I have some fantastic news for everyone! Well…sort of. Motorola has finally jumped on the customization train thus allowing users to unlock the bootloader on their device. Bad news is that only four devices are currently able to be unlocked. Though it will pave the way for users to install custom ROM’s, such as Cyanogen Mod 10, on their devices, you’re warranty will be permanently voided upon doing this. Oh yeah, there are many ways to keep your warranty, but Motorola actually has you sign in to your account so they have it on file that you’re phone has a void warranty. That said, it may actually not be very beneficial to those who are seasoned in the customization areas of Android. I guess I won’t be getting a custom ROM anytime soon (time for a new phone!).
As I said, their are only four devices currently supported for the Bootloader unlock. The first two are smartphones and those happen to be the Sprint Photon Q and the RAZR developer edition. The other two devices Motorola is allowing you to unlock are tablets and are both the 3G Motorola Xoom along with the Wi-Fi version of the Xoom. They will be adding more devices to the roster as time goes on. I can only suspect that we now have this bootloader unlocking system to us because Google had bought Motorola. Just an assumption though!
The unlocking process is very simple, but at the same time requires a bit more effort than you would usually need. Those who are interested are going to need to grab themselves a free copy of the Android SDK (can find it on the Android Developers website), the Fastboot utility along with Motorola’s various USB drivers. Motola has showed us how to do the entire process on a very scary-looking series of web pages. Honestly, it’s not that bad, but they do make it seem like the end of the world is nigh. The only thing that I find terrible, is that they put it on record that you unlocked your device.
What do I mean when I say scary-looking? Well, Motorola has clearly, boldly and was outspoken that the company, “strong recommends against unlocking the bootloader and/or altering a device’s software or operating system. Doing so can have unintended, unforeseen, and dangerous consequences, such as rendering the device unusable, violating applicable laws, or causing property damage and/or bodily injury.” Motorola has said this in such a way that it has conjured up an image of any of your Motorola device’s exploding into a heap of dust the moment your bootloader gets unlocked. With the system they have set up, I actually wouldn’t be surprised if they did.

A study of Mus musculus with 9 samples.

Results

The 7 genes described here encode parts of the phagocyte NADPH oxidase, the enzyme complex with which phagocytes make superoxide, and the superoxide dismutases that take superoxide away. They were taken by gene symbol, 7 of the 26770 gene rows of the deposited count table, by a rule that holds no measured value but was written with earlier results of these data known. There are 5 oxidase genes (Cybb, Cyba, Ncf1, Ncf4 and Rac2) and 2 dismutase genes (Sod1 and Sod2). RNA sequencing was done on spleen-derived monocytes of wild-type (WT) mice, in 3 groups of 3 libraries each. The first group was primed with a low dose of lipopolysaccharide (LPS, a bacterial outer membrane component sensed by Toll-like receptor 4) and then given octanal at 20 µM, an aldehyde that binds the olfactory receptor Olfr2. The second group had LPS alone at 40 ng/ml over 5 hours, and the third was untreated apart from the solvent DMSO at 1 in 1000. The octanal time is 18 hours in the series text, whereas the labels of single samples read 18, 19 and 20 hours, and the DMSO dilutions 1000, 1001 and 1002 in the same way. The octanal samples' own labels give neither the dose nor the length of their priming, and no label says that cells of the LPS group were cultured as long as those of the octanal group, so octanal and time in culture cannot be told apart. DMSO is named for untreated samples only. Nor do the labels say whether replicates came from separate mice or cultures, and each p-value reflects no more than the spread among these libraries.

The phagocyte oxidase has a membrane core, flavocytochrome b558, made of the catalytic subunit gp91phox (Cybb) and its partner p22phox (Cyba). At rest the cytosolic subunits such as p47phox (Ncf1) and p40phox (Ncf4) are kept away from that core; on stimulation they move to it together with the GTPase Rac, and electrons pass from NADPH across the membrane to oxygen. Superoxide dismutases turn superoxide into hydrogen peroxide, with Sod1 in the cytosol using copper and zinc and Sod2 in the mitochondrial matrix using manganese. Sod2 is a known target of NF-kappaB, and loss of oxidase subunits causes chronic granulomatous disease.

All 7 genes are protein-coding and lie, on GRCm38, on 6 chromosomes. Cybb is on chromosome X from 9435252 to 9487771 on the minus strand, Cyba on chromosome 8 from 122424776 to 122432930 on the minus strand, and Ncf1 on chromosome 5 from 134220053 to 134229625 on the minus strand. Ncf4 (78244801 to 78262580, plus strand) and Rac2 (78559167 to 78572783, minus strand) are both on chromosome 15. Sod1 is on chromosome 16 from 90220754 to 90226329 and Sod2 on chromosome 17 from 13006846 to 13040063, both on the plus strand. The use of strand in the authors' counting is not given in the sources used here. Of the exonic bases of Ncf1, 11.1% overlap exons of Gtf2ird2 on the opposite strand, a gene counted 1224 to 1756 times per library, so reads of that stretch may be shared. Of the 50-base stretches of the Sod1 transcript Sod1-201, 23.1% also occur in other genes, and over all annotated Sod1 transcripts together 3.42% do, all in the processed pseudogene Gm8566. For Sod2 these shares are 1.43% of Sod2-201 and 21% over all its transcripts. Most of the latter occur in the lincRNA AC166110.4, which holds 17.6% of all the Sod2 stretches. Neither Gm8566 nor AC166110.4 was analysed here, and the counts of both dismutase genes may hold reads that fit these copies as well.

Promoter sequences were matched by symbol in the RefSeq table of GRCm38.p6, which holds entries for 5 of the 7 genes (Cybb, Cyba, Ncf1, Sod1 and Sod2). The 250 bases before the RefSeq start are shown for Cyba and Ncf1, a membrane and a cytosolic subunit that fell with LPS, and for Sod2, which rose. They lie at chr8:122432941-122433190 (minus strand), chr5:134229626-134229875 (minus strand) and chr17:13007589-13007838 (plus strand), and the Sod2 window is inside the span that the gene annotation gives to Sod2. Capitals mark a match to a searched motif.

Honestly, this is all very weird. Unlocking the bootloader will void one’s warranty with a Motorola smartphone or tablet. Motorola has warned that the company will no longer be responsible if you should find yourself with a bricked or broken device after you mess around with the bootloader, rooting and flashing custom ROM’s. To be honest, I think the development community might be a bit unhappy as to how Motorola is handling the bootloader unlocks. On the bright side, they live up to their promise! Right?
The unlocking process will also blank your device. The result of that is deleting every last installed application and content. Really, it could just serve as a reminder that a user should back up all of the content on a device prior to following Motorola’s unlocking process. After Motorola basically conjuring up an image of the world tearing in half after you unlock your device, either people are going to just say forget it or this will be a new motivation to best another company in its own game (I’m slightly hoping for the latter option).
With all of that said, Motorola’s way of unlocking the bootloader on your device is very straightforward and easy to do. There is something that isn’t as clear though. That would be if any other devices will be joining the roster. While I said earlier that there should be more joining soon, apparently that was a rumor and wasn’t an official Motorola statement. Still, developing an online tool to unlock four devices seems rather advanced. I really would expect to see a whole lot more devices coming in the future.
Now, if you don’t want to follow through with Motorola’s plan to keep track of devices that the bootloader is unlocked with, it may just be in your best interest to wait a bit longer. It’s not very long that the XDA community will find a easy way around the bootloader now that the tools have been essentially released to us. That said, it’s still very well possible that you may get to keep your warranty without anyone knowing along with having the peace of mind that your device isn’t going to cause World War 3 and blow up into a pile of ashes.
Here’s a link to the web page where you’ll be able to unlock the bootloader if you’re not interested in waiting on the XDA community. Just remember to back everything up, because the process will nuke everything off your device. Again, I highly suggest waiting until the XDA community gets their hands on these new bootloader unlocking steps. In the long run, I think you will be very happy with the results along with the peace of mind that your warranty is still valid and active (of course, if you end up bricking your phone, there’s no coverage or way out of that).
Have you been able to unlock your bootloader? If so, let us know how the process went for you in the comments below! Was it easy or would you just rather leave the whole Motorola process alone and wait for one of the XDA community members to find a way to bypass all of this insanity? Either way, we’d like to hear your opinion.
That said, sound off in the comments below!